TF-X project a tall order for Turkey – airpower expert Justin Bronk
Turkey is facing a steep climb as it works to complete development of its TF-X fighter jet or risk seeing its air fleet fall into obsolescence.
The TF-X is a proposed fifth generation fighter jet, meaning it would be able to incorporate the latest stealth, sensor and flight technologies to compete on the modern battlefield.
Initially announced in 2013, the TF-X programme has been beset by delays from Turkey’s inability to acquire or produce the components needed to bring it into service. It was first expected to test a prototype by 2023, but now it is not expected to be in service until 2029.
Justin Bronk, a research fellow on airpower at the Royal United Services Institute (RUSI) in London, remarks that Turkey’s the victim of its own ambition of looking to develop the current most advanced form of a fighter aircraft without any prior experience in doing so.
“Given that Turkey is trying to start in the deep end as it were, they really have really bitten off a huge chunk of a task with the TF-X,” Bronk told Ahval News in a recent podcast.
Bronk explains that even though Turkey has proven successful at developing combat drones, like the infamous Bayraktar TB-2, it is a far more complicated endeavour to develop an advanced fighter jet. To make this point, he said that even countries with the technical know-how and experience in jet development find the task challenging.
A persistent problem for the TF-X programme is the inability to acquire an engine that would power the fighter. For years, Turkey looked to U.K-based engine developer Rolls Royce to provide an engine, but talks faltered over disagreements over technology transfer arrangements and an inability to acquire an export license from the United States.
The issue of the engine is particularly difficult to solve for the Turkish defence sector as a whole with one official telling Defense News that failing to acquire one posed “an existential threat” to programmes.
Bronk says that the easiest solution to the conundrum would be purchasing a proven engine, but failures to negotiate a technology transfer arrangement remain an Achilles heel. He added that Turkish expectations to acquire the level of transfer they want was “pushing it” in their dealings.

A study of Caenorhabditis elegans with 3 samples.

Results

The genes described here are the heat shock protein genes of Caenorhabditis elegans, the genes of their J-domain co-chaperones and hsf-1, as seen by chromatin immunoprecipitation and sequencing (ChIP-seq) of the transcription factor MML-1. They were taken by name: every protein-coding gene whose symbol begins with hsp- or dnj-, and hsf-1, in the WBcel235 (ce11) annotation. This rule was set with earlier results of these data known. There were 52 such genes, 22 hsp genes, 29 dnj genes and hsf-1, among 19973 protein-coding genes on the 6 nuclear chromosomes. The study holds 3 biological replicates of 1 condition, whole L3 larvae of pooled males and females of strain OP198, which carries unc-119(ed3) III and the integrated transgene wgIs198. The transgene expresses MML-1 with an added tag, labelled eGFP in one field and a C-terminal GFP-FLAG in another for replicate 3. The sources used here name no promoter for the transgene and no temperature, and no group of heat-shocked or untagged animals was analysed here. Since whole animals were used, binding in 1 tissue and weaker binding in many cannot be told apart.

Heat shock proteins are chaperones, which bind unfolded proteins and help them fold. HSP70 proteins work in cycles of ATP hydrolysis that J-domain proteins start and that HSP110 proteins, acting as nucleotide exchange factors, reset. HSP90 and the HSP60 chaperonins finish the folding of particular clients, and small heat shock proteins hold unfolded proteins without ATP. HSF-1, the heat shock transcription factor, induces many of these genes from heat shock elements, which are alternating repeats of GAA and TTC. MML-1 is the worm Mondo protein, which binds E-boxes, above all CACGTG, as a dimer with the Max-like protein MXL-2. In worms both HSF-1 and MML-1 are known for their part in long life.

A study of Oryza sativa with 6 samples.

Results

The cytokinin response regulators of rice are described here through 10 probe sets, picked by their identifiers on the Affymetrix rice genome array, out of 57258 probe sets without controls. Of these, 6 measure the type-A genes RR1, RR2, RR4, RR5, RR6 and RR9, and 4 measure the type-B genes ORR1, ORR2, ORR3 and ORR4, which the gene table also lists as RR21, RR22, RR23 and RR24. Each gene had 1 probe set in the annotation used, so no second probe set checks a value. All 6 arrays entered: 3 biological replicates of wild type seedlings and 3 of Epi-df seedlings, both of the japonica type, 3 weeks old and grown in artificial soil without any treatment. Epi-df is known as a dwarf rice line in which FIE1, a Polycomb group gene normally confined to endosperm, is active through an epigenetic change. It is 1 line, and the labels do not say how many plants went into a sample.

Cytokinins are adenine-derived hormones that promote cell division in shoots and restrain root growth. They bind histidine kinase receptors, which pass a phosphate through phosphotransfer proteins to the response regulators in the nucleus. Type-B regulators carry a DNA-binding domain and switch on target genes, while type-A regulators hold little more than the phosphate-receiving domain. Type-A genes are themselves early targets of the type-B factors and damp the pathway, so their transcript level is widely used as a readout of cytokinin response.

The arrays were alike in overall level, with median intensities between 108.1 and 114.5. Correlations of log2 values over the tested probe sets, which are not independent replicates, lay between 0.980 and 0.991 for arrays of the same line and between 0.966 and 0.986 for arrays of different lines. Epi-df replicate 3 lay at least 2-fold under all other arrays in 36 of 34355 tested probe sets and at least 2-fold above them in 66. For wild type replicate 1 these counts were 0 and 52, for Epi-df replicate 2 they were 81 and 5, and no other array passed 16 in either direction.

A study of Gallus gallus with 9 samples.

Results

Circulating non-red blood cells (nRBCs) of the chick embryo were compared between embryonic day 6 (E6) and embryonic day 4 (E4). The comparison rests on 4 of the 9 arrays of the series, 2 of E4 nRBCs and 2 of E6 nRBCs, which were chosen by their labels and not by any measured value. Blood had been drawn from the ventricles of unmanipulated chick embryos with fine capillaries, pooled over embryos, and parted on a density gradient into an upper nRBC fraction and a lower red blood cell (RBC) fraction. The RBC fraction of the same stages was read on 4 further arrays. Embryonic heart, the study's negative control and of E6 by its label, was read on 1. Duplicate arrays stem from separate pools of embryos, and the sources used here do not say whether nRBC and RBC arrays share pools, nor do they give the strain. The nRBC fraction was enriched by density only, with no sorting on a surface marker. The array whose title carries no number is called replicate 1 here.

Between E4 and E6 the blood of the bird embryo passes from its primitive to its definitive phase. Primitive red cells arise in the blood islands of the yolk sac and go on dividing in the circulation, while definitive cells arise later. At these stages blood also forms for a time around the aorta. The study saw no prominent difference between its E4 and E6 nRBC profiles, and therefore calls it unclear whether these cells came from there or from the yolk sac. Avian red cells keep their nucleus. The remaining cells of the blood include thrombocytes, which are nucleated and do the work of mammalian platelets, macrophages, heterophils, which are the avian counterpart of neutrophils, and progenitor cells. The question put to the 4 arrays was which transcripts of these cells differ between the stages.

Here the fallout of Turkey’s expulsion from the F-35 Joint Strike Fighter programme is felt too. Turkey was slated to acquire 100 F-35s to replace its aging F-16 squadrons, but after Ankara went ahead with the purchase of the S-400 from Russia in 2019 it was immediately removed from the programme.
Last December, Turkey’s Presidency of Defence Industries (SSB), the heart of Turkey’s defence sector, was also hit with U.S export sanctions under the Countering America’s Adversaries Through Sanctions Act (CAATSA).
These sanctions, according to Bronk, could ultimately complicate efforts to acquire components that may be subject to U.S export restrictions, slowing the TF-X further.
Turkey’s officials have repeatedly said that the S-400 is a “done deal” but some, such as Minister of Defence Hulusi Akar, have floated proposals that would see sanctions lifted without giving up the S-400. Bronk cautions that this is a false hope to hold on to for Turkish officials.
“There is no way around the ownership of an S-400 system with Russian technicians around is a complete prohibition on any of the West’s high-end combat systems,” he said.
Russia has repeatedly stated that it would readily strike deals with Turkey if it was interested in replacing the F-35 with its own advanced jets like the SU-35 or SU-57, Russia’s own fifth-generation fighter. Bronk tossed cold water on this offer as unlikely as a replacement even for the F-35.
“I don’t think Russia at all is a viable replacement for the TF-X,” Bronk said, pointing to Russia’s own struggles in developing the SU-57 in particular.
Turkey has announced in the interim that it will be upgrading its existing F-16s, but time may not be on Ankara’s side. The rate of development for advanced sensors and other jet technologies are already challenging existing fighters like the F-35 to keep pace, said Bronk.
To that end, he insists the solution may ultimately have to be a political one. This would mean at the very least giving up the S-400 or finding some way to reconcile its differences with the United States in particular.
“I think for Erdogan himself, the ball is very much on his court on reducing tensions with the U.S,” said Bronk.
“I think a key determinant of what challenges Turkey will face if it can’t find an affordable route to replace its F-16s, will depend one whatever that political choice is,” he added.